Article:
Analysis: How agencies get to a 5 percent budget cut in 2013

Doug Davidson, Director in the Global Public Sector Practice, Grant Thornton

wfedstaff | June 4, 2015 10:09 am

By Jolie Lee
Federal News Radio

Agencies must cut 2013 budgets by at least 5 percent of enacted discretionary spending this year and submit a version of a budget requests that makes an additional 5 percent in discretionary cuts. The mandate is outlined in a memo from Office of Management and Budget Director Jacob Lew.

Non-defense and non-national security agencies will be impacted the most by this mandate, said Doug Davidson, director in the Global Public Sector Practice at Grant Thornton, and the publisher of the Federal Financial Management News blog,

At these agencies, what are now plans for voluntary buyouts and hiring freezes may become layoffs if agencies want to achieve the reductions, Davidson said.


The memo’s timing might be reactionary “to some criticism in the press that agencies have not received guidance at this point,” Davidson said. He added that agencies should have received guidance from OMB by the beginning of June to prepare for the 2013 budget.

The Aug. 17 memo does not include instructions for submitting budget requests. That information will be in the OMB Circular A-11, which has not been published, Davidson said.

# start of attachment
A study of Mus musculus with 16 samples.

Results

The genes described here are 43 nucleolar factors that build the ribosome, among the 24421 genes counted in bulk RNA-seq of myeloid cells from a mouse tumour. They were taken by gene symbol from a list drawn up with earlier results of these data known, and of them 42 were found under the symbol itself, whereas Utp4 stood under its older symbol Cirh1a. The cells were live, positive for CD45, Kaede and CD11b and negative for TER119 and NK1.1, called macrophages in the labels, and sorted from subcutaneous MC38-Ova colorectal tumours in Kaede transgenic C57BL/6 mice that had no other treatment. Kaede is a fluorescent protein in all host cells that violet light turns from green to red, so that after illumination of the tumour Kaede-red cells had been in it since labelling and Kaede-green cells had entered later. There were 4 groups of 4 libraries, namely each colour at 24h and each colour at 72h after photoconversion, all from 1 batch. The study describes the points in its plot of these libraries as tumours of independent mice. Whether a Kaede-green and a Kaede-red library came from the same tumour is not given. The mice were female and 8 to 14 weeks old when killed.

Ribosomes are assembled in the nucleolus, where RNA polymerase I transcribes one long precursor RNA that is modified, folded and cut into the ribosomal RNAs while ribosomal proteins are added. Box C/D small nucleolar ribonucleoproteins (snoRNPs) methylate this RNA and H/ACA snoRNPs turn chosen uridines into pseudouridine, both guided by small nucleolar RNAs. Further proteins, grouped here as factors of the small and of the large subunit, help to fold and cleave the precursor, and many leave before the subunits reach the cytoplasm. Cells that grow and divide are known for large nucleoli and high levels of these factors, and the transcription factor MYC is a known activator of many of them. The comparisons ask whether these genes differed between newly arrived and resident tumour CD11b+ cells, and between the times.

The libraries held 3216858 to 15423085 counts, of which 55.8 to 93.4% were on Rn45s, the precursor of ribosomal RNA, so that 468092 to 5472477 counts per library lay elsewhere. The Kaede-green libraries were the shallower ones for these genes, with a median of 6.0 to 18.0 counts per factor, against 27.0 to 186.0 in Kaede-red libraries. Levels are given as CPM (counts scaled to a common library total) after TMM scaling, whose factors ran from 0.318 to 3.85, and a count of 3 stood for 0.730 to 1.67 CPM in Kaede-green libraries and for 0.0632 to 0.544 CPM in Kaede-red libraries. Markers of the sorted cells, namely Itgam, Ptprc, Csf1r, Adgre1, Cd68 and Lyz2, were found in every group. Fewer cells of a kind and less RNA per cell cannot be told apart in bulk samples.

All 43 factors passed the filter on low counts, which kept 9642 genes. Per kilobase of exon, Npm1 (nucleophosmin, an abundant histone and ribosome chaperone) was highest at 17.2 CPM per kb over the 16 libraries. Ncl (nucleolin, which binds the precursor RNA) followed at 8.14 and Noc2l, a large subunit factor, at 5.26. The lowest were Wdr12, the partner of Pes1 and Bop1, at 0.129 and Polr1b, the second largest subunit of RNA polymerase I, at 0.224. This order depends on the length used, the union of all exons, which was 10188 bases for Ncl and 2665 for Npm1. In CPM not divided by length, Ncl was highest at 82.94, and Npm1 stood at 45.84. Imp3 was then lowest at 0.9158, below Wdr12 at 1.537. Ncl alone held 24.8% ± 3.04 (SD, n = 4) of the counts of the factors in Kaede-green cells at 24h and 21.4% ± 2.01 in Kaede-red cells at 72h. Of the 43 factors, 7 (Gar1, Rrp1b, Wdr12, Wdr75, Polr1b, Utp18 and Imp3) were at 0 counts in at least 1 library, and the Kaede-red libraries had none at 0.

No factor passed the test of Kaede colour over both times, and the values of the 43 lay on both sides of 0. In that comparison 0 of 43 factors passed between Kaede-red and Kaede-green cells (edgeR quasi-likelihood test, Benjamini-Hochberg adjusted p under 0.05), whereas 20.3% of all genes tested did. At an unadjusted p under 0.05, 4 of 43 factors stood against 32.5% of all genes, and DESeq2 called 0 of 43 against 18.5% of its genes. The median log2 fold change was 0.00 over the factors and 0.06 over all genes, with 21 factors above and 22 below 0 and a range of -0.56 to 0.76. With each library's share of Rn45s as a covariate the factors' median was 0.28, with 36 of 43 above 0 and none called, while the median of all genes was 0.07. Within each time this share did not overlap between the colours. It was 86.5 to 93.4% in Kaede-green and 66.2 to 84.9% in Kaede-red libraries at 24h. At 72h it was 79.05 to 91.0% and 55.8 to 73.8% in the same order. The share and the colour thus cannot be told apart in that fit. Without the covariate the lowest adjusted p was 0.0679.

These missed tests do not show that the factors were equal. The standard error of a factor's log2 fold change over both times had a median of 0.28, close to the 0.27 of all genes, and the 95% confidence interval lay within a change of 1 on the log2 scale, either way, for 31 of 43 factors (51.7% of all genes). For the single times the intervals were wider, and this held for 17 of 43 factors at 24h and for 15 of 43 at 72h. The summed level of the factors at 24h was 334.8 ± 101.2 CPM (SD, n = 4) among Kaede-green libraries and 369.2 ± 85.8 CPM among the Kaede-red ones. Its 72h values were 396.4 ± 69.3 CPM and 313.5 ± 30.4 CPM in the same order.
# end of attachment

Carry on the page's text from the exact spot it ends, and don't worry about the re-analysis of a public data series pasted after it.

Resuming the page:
Sept. 12 is the normal budget submission date, but “that’s not likely a reality this year,” he said.

In the meantime, agencies are operating under heavy uncertainty and in “desperate need of guidance” on budget matters from the administration, said Jonathan Breul, executive director, IBM Center for the Business of Government.

OMB’s mandate for two versions of the 2013 budget requests indicates an administration that’s “trying to figure out what its options are and what various levels of reduction are going to will mean as far as discretionary appropriations,” Breul said. The administration has “a government to operate and they’ve got some big negotiations in front of them.”

Despite the memo, some agencies may still make requests above their current appropriations. However, Breul said, “The smart ones will start planning for a longer-haul set of reductions because that’s what the cards suggest.”